Steps from government to increase school enrollment has started showing results. Almost all kids in India are going to school now with enrollment rates more than 97% for the first time in history. Also, enrollment rates for girls have improved significantly in 2018 as compared to 2006.
We can say India is on correct path and has a bright future.
News comes from Times of India
Almost All Kids In India Are Going To School Now, Enrolment Is All Time High At 97.2 Per Cent
For the first time in history, less than 3 per cent of the children are not attending school and the dropout rates have also significantly reduced, a nationwide study has found.
The Annual Status of Education Report (ASER), 2018 which was released last week found that the proportion of children age 6-14 who are not enrolled in school has fallen below 3% for the first time and stands at 2.8% in 2018.
The annual report, which is based on the finding from a nationwide household survey which covered 354,944 households and 546,527 children in 596 districts also showed that there is considerable improvement in the number of girls getting enrolled in schools.
In the age group of 11 to 14, only 4.1% of them are out of school. The figure stood at 10.3% in 2006. Subsequently, there is a fall, the number of girls in the 15 to 16 age group were not enrolled in school. In 2018, only 13.5% of the girls were out of school in the age group, as against more than 20% in 2008.
Interestingly enough, the enrolment rate in private schools have remained almost unchanged at 30.9% in 2019, and in five states, have in fact come down.
While there is definitely good news in terms of enrollments and falling dropout rates the competence level of students continues to remain a matter of concern.
When it comes to basic reading skills, only 27.2 % of students in Std III could read at Std II level in 2018. Six states Punjab, Haryana, Mizoram, Uttar Pradesh, Gujarat, and Kerala have shown the most significant year-on-year improvement in this regard.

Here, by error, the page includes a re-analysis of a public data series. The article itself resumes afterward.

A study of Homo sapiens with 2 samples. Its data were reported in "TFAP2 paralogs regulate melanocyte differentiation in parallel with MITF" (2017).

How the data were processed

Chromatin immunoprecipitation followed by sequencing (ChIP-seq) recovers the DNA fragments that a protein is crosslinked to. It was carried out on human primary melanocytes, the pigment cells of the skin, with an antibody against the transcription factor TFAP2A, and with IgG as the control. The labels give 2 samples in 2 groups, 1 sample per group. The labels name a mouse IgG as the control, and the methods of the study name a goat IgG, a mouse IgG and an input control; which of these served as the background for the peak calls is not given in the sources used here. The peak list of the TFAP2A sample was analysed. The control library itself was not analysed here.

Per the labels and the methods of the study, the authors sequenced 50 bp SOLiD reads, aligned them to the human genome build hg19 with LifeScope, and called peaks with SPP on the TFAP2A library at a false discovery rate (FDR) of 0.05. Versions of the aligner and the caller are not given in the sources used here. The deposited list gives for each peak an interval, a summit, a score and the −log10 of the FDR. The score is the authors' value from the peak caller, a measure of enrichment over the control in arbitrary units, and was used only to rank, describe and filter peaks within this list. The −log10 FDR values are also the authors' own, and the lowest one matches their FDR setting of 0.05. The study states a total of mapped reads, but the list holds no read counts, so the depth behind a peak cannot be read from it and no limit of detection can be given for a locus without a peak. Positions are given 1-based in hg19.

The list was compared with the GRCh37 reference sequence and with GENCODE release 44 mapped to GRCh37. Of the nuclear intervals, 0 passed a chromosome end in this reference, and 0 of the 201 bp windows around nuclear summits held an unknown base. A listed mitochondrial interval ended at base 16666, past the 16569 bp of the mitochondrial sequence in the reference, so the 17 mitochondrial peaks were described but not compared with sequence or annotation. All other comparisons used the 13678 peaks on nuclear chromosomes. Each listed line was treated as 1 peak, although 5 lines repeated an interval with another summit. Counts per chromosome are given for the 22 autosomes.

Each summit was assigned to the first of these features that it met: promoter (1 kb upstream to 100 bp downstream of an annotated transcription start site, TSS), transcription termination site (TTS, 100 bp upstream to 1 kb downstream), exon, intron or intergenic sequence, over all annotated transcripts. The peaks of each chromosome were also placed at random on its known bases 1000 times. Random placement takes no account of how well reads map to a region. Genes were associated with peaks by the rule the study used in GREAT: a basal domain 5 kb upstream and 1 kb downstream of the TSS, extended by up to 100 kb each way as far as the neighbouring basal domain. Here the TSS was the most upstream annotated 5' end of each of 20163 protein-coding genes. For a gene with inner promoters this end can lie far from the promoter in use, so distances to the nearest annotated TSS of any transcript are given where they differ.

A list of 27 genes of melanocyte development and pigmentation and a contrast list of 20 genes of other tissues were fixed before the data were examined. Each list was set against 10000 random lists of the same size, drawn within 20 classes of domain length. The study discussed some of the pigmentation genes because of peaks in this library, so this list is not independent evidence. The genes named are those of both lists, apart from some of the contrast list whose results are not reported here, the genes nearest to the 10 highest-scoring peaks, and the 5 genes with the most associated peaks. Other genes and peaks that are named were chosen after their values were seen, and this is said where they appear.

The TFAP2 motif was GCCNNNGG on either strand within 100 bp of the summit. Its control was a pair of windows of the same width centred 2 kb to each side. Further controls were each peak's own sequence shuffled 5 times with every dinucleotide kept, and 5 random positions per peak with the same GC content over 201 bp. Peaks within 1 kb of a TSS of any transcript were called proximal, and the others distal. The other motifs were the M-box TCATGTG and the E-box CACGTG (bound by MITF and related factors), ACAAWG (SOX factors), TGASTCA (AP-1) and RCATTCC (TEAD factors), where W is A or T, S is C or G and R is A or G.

The figures showed considerable improvement when it comes to children enrolled in Std V, where 50.3% student could read at least Std II level text. The figures for Std VIII stated that about 73% can read at least Std II level text by the last year of compulsory schooling in India.
When it comes to Mathematical skills where students were tested if they can recognize numbers from 1 to 9, recognize numbers from 10 to 99, do a 2-digit numerical subtraction problem with borrowing, or correctly solve a numerical division problem, at STD III level, only 28.1% of them could solve it. 27.8% of all students in Std V in 2018 were able to do division and about 44% of all children in Std VIII could solve a 3-digit by 1-digit numerical division problem correctly.’
The survey also took into account the infrastructure in schools including toilets and playgrounds. 66.4% of schools across the country had usable girls’ toilets while schools with boundary walls stood at 64.4% in 2018.
91% of schools in rural India had a kitchen shed in 2018 while 74.2% of them had books other than textbooks available at the school.
For the first time in 2018, ASER also looked into the availability of physical education and sports facilities at schools and found that about 8 out of 10 schools had a playground available for students, either within the school premises or close by. Interestingly more than 90% of schools in Himachal Pradesh, Haryana, and Maharashtra had a playground.
But only 5.8% of all primary schools and 30.8% of upper primary schools had a physical education teacher available. But in Haryana, Rajasthan and Kerala, the proportion of schools with a physical education teacher is significantly higher than the national average.